Transaid, Nigeria FreeText Editor

Transaid, Nigeria

(Programme concluded - the Foundation no longer supports this programme)

Every day, approximately 800 women die from preventable causes related to pregnancy and childbirth and 99% of all maternal deaths occur in developing countries (WHO). Physical access to health services and medicines is critical for reducing maternal, neonatal and child mortality rates. We are working in partnership with Transaid to tackle this urgent issue. Transaid will implement a pioneering emergency transport scheme in Nasarawa State (Nigeria) to safely transport pregnant women to health facilities.

The Puma Energy Foundation helped Transaid expand its ETS system across six local governmental areas in Nasarawa State, Nigeria, significantly increasing the impact of the project on a greater proportion of the total population. Transaid’s ETS scheme has been designed to be integrated and accepted by local communities, respecting the local culture and social customs, and help pregnant woman feel safe and comfortable during the service. Transaid’s long experience in delivering this emergency scheme across African countries has demonstrated that volunteer taxi drivers, albeit they are not formally payed, receive a widely diffused approbation by local communities and are hailed as local heroes.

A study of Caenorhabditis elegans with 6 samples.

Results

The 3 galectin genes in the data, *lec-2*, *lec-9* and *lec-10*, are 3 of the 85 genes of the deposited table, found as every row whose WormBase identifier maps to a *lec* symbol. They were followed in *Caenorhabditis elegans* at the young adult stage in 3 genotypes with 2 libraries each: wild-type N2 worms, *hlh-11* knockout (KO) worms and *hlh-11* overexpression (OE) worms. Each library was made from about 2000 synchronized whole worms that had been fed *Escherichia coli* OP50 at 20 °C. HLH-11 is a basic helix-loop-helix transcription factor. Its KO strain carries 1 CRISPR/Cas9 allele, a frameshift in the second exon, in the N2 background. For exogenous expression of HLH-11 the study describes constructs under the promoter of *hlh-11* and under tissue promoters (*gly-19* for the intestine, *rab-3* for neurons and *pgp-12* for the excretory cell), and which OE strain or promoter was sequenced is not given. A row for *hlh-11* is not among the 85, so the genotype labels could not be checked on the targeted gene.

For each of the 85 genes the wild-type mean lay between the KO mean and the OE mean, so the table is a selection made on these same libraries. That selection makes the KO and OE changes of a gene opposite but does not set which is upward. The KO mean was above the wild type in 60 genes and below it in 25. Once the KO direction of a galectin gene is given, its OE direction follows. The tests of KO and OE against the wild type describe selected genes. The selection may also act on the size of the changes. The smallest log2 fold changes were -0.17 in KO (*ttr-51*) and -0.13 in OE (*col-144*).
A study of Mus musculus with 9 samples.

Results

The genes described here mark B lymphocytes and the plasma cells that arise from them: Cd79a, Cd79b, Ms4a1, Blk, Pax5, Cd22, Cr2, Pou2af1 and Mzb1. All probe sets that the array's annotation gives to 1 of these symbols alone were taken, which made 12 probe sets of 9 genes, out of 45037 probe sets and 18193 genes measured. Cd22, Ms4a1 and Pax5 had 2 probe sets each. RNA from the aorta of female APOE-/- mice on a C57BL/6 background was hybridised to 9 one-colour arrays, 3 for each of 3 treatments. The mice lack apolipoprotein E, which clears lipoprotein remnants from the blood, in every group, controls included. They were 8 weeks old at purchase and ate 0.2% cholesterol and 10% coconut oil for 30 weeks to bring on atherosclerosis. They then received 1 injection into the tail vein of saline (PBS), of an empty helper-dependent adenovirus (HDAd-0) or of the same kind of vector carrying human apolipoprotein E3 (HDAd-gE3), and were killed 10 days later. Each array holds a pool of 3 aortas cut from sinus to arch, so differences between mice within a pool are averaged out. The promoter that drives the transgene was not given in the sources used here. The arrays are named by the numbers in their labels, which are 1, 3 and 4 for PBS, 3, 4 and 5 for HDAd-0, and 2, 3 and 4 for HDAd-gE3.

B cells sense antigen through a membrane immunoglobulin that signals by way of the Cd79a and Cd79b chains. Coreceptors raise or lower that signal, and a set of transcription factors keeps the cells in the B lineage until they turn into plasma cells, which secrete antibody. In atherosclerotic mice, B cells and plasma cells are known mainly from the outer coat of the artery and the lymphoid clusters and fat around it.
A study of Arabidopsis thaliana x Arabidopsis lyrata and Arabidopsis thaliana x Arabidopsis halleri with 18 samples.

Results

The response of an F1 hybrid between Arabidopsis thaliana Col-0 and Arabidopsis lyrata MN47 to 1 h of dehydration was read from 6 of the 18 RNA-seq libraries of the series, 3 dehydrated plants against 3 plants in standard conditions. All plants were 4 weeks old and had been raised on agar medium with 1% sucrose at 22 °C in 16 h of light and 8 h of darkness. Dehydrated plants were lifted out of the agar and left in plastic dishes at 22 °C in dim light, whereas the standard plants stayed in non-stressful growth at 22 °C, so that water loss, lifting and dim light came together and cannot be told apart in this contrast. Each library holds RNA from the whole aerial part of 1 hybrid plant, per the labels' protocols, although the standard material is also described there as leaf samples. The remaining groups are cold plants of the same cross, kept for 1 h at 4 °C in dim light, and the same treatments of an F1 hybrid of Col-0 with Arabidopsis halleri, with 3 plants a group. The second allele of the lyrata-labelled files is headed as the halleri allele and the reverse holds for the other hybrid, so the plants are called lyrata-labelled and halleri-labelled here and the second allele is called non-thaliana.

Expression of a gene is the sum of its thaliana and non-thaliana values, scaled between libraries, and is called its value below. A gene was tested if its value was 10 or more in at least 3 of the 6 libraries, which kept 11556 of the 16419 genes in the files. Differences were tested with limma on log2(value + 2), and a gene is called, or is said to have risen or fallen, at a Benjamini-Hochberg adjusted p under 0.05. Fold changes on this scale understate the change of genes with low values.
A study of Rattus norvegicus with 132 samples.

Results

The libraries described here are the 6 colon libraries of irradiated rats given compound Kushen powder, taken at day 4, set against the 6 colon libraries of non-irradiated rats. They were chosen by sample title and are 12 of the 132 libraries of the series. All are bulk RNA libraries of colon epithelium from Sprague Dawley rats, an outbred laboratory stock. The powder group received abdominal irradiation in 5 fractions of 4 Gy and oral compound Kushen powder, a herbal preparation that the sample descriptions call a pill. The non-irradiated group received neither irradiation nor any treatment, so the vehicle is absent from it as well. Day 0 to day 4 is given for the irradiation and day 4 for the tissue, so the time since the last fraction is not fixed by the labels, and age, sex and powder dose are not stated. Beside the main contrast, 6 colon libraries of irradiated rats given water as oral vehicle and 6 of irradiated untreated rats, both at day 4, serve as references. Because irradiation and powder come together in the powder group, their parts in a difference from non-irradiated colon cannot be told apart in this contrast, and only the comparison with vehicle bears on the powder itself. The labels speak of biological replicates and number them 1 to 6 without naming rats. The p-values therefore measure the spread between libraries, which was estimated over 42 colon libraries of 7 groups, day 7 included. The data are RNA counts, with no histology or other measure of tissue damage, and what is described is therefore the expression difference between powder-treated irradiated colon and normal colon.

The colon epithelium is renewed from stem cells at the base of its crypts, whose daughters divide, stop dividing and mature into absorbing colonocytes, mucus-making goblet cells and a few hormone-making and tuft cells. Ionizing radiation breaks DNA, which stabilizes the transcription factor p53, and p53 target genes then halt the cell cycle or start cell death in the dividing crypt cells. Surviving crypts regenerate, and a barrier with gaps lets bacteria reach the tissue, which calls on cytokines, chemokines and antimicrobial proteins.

Volunteer taxt drivers, who receive training by Transaid, are contacted when transport is needed by mobile phone, by sending a family member to the driver’s house or through a community focal person. In most cases, the drivers can get the women to the hospital quickly, efficiently and uneventfully.

However, Amina Abdullah Asiz had a more dramatic experience. When she went into labour, she was picked up by a nearly ETS driver, Bilyaminu Mohammad. He transferred her to a local health centre, and then headed to a general hospital further away when she experienced severe difficulties. Their car was stopped by armed robbers en route to the hospital. Terrified, Amina and Bilyaminu begged the robbers to allow them to continue to the hospital – and they did. But when they arrived at the hospital, the gynaecologist was not there. Bilyaminu didn’t hesitate, jumping into the car once more and finding the doctor at his home.

Amina safely delivered her daughter soon after, and named her after Bilyaminu’s mother as a token of her gratitude to the heroic volunteer. Amina adds that if it were not for ETS drivers and the scheme, she feels that she wouldn’t have survived that night.

As a result of the programme, 1,752 women were safely transported to health facilites through the ETS system and 19 volunteer ETS drivers have been trained.